Scientists are using archaeological techniques to examine how sea otters use large rocks on the shoreline as "anvils" to break open shells – offering a distinction between human and animal coastal settlement evidence.
Sea otters are the only marine mammal which is known to use stone tools, breaking open shells using both small rocks while floating on their backs and large stationary rocks on the shoreline.
When they use shoreline rocks, they leave behind mounds of abandoned shells – creating valuable archaeological evidence of where their habitat has stretched to.
Now, an interdisciplinary study published in the journal Scientific Reports has combined a decade of sea otter observation with archaeological methods to identify otters’ use of so-called anvil stones.
It found that in taking a random sample from the piles of shells around anvil stones, there was a particular style of damage which could be attributed to sea otters.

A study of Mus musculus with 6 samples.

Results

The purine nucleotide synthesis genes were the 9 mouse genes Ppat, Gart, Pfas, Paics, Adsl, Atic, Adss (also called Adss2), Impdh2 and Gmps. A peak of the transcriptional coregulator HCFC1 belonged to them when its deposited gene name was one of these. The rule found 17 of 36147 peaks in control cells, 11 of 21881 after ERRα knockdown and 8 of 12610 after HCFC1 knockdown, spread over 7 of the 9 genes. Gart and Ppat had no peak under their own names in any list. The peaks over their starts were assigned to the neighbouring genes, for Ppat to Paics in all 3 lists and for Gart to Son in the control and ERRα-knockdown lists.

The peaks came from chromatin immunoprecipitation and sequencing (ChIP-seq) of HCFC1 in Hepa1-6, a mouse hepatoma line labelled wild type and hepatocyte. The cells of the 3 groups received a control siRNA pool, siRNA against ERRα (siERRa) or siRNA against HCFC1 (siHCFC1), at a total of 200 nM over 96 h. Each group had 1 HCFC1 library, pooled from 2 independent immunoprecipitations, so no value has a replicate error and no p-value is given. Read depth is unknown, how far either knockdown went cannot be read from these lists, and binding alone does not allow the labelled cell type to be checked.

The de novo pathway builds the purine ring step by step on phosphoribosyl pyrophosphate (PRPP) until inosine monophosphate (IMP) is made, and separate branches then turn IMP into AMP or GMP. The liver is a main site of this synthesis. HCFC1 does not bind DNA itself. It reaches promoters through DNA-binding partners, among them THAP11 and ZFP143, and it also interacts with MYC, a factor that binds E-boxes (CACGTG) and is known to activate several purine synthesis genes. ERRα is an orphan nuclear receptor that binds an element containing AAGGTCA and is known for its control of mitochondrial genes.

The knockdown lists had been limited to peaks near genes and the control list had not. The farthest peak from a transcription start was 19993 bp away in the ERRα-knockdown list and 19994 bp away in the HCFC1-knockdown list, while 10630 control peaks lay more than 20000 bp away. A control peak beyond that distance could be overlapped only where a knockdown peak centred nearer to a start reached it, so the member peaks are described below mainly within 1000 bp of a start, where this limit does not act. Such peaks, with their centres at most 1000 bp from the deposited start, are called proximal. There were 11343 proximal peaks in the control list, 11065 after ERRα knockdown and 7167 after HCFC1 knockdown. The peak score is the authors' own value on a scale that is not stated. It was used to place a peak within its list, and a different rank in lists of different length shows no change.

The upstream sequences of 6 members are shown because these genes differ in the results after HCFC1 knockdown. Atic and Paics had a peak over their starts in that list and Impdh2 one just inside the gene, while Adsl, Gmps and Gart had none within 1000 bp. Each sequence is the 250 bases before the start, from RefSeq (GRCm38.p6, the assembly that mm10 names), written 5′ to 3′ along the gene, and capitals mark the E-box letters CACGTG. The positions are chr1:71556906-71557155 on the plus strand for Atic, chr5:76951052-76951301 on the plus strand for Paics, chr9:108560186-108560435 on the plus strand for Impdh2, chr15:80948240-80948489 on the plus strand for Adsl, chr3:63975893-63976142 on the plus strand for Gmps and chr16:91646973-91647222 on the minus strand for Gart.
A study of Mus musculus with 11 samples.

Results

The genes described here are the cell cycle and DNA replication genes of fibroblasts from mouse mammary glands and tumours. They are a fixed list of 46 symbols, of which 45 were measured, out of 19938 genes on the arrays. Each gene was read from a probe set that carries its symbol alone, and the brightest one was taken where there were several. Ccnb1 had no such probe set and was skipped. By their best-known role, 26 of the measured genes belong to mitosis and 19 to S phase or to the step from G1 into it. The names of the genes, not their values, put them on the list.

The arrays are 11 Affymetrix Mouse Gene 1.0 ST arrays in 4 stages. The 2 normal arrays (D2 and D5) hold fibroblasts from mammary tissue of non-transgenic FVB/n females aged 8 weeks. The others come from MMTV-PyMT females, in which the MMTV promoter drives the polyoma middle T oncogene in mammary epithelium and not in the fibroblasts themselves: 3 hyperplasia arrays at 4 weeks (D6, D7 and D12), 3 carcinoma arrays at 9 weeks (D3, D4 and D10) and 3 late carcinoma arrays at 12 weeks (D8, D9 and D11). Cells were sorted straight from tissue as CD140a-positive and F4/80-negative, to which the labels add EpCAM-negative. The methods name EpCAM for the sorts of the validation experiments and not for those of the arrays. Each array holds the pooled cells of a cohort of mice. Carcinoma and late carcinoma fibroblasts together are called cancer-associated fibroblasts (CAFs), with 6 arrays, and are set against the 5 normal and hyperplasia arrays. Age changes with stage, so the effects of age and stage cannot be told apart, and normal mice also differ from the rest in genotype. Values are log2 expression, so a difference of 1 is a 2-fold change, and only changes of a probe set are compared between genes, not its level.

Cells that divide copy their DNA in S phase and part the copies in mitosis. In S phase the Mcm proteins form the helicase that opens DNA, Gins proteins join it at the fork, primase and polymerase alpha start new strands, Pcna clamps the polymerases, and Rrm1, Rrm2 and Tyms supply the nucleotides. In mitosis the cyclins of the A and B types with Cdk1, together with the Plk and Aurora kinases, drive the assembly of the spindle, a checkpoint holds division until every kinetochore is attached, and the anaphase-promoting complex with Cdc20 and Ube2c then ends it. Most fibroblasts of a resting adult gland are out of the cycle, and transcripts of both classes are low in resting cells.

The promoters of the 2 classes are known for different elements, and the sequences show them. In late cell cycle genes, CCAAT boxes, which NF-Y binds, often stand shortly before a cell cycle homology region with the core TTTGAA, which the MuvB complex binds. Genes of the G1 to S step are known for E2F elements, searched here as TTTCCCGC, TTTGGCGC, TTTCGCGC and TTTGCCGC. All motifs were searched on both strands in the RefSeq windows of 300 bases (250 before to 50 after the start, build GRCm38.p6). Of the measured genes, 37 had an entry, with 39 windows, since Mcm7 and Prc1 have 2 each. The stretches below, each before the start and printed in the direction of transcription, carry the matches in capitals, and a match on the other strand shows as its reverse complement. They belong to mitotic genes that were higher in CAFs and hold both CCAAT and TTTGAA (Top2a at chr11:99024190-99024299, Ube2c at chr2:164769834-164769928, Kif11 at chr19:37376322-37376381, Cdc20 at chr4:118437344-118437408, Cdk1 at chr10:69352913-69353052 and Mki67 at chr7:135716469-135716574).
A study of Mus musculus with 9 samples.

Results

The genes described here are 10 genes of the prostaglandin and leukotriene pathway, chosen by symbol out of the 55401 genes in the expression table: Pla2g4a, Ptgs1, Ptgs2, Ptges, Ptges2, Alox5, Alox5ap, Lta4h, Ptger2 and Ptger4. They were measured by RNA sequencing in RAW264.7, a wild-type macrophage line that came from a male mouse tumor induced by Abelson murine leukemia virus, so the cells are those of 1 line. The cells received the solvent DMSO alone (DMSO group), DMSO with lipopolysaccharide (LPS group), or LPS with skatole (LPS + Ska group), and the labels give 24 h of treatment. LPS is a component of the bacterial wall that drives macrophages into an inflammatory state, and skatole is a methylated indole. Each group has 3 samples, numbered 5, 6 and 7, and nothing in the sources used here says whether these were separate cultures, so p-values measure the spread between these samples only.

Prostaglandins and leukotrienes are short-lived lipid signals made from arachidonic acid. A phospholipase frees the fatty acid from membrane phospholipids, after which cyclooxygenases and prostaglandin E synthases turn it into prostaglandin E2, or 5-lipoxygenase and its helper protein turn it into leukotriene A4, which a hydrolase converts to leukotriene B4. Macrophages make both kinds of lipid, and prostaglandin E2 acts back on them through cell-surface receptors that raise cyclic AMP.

The shell breakage patterns provide a novel way to distinguish mussels broken by sea otters pounding on emergent anvils from those broken by humans or other animals, explained Dr Natalie Uomini of the Max Planck Institute.
For archaeologists who excavate past human behaviour, it is crucial to be able to distinguish the evidence of sea otter food consumption from that of humans.
Jessica Fujii of the Monterey Bay Aquarium, said: Our study suggests that stationary anvil use can be detected in locations previously inhabited by sea otters.
This information could help to document past sea otter presence and diet in locations where they are currently extirpated.
More broadly, the recovery of past animal behavioural traces helps us to understand the evolution of behaviours like stone anvil use, which is rare in the animal kingdom and is extremely rare in marine animals.
We hope that this study establishes a new path for the growing field of animal archaeology.